Royal race row charity boss steps down as chief executive of Sistah Space
The charity boss who was at the centre of a royal race row has stepped down from leading her domestic violence organisation because of the backlash she has faced.
Ngozi Fulani revealed she has temporarily resigned as chief executive of Sistah Space, the charity she founded, as she criticised Buckingham Palace for not tackling the abuse she suffered in wake of the incident.
Ms Fulani went public to express her shock in November when Lady Susan Hussey, the late Queen’s lady in waiting, repeatedly asked the black British charity leader where she “really came from” at a Palace reception highlighting violence against women.
'I don't see what is so hard to say I'm sorry.'
We’re joined exclusively by Ngozi Fulani, founder of @Sistah_Space for the first time since the former Lady-in-Waiting to the Queen – Lady Susan Hussey asked her where she was "really from." pic.twitter.com/EhGqA0u10O
— Good Morning Britain (@GMB) March 8, 2023
Lady Susan later apologised in person to Ms Fulani and for the distress her comments had caused.
Speaking on ITV’s Good Morning Britain (GMB) on Wednesday, Ms Fulani said: “We, the Sistah Space charity, has suffered as a result, direct result.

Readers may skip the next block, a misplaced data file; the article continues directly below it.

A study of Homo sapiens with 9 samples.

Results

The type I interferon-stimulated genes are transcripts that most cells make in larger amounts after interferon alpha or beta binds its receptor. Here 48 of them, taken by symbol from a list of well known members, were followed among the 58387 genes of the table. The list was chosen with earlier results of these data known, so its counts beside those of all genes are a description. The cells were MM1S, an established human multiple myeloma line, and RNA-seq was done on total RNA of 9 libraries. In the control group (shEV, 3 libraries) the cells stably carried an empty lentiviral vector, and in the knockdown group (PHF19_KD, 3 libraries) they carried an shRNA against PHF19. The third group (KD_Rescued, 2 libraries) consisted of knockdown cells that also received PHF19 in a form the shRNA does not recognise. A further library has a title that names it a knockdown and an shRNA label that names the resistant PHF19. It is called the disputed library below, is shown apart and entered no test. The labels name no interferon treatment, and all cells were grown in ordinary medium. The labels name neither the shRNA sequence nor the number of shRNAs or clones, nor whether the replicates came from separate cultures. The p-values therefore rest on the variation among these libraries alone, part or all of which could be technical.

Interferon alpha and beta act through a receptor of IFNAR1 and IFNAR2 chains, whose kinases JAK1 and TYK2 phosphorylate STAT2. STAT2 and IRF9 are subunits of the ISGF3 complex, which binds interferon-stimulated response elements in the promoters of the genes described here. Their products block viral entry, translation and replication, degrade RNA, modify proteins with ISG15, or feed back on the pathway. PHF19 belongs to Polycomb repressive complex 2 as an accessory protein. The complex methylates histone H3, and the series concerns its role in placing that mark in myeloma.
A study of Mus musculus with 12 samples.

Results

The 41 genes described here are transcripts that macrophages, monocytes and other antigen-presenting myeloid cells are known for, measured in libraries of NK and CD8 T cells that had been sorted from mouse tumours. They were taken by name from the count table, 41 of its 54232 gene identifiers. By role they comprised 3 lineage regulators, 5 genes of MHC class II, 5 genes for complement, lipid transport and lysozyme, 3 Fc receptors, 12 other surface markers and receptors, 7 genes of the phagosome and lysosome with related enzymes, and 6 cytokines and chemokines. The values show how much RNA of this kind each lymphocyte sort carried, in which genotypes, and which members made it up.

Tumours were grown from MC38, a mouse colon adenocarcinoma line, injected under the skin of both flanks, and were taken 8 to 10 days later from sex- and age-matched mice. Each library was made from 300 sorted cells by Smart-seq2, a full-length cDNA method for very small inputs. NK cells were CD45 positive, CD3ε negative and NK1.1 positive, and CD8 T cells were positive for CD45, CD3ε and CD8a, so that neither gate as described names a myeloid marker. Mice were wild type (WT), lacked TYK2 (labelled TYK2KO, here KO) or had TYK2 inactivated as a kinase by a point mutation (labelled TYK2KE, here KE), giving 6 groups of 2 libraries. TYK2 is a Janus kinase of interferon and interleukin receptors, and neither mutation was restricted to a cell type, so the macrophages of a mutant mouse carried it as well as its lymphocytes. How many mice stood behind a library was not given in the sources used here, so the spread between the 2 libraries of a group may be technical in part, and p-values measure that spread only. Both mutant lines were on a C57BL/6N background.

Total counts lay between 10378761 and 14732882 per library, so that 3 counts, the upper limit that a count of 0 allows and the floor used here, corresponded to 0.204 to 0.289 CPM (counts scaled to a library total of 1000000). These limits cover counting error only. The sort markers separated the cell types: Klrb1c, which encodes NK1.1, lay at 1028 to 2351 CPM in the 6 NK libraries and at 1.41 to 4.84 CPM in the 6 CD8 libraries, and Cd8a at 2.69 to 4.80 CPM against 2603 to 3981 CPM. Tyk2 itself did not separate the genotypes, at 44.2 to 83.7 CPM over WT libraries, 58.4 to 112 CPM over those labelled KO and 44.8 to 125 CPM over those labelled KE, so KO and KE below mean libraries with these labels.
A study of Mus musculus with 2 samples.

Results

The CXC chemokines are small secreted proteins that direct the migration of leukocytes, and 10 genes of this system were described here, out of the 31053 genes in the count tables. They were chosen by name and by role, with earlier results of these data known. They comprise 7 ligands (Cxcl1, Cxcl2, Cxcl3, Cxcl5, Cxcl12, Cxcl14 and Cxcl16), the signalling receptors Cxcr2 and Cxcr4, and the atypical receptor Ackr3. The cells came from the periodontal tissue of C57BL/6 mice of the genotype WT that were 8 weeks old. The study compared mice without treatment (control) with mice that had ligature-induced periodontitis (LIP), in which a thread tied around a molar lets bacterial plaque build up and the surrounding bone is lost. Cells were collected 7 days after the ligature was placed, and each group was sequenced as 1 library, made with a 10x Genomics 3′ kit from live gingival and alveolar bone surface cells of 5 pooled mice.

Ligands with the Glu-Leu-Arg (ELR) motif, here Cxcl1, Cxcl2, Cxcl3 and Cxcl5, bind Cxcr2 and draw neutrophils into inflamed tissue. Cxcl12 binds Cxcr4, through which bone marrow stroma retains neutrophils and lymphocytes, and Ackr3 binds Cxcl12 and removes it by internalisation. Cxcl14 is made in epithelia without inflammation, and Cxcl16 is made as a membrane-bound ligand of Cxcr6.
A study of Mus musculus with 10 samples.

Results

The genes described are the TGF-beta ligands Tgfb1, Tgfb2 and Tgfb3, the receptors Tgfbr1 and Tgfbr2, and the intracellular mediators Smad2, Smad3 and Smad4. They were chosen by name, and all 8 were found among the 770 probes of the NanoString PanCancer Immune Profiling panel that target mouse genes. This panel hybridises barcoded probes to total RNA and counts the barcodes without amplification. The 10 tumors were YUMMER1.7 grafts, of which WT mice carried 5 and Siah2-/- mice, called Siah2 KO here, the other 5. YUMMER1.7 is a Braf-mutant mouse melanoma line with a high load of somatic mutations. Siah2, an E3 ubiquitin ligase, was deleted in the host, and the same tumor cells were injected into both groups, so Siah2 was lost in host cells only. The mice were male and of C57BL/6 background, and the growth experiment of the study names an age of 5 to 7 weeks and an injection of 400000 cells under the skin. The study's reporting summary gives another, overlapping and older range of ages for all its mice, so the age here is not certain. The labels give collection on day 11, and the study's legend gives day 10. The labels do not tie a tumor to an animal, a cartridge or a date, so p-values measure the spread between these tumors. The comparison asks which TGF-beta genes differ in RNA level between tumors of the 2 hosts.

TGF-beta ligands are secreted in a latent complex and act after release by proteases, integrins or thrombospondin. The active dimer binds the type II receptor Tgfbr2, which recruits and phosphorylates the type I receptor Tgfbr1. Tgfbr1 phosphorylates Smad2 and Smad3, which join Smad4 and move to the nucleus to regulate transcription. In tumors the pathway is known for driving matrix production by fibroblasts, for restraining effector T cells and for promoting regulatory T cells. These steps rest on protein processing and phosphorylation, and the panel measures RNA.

“When you think that this was supposed to be for violence against women and girls, because of this incident, the violence has been directed to me, the Palace hasn’t intervened, I think they could have.
“So what I’ve had to do, I’ve now temporarily stepped down as CEO of Sistah Space.
“I’m announcing that now because the service users and the community can’t access us properly.
“This whole thing has cost us a fortune because we had to pay our own PR to stop the press from coming up, it was horrible.”
In December, after Lady Susan and Ms Fulani spoke face to face to address the incident, the Palace said in a statement that the meeting had been “filled with warmth and understanding”.
The statement said Ms Fulani had “unfairly received the most appalling torrent of abuse on social media and elsewhere” and that she had accepted Lady Susan’s apology.
GMB presenter Richard Madeley claimed the Palace said on Tuesday night: “For the avoidance of any doubt, we are deeply sorry for the incident that took place and apologise for the distress and difficulty it caused to Ms Fulani.”
Ms Fulani told him: “Who are they apologising to? If you’re sorry, tell me you’re sorry, if you’re not… It speaks for itself.”
She added: “If you have to ask someone for an apology, it is not an apology.”
Buckingham Palace said it gave right-of-reply comments to GMB after being made aware fresh assertions were to be made on the programme.
Apologies on behalf of the Palace are understood to have been made to Ms Fulani and her representatives at the meeting with Lady Susan in December.
It is also understood Sistah Space sent a message to the Palace afterwards, thanking those involved for their support of Ms Fulani and the charity, and that the support included helping her with security concerns, and with the handling of some of the abuse she received on social media and elsewhere.
The Palace is understood to have continued to engage with Ms Fulani regarding what might be learned further from the charity, but is yet to hear back.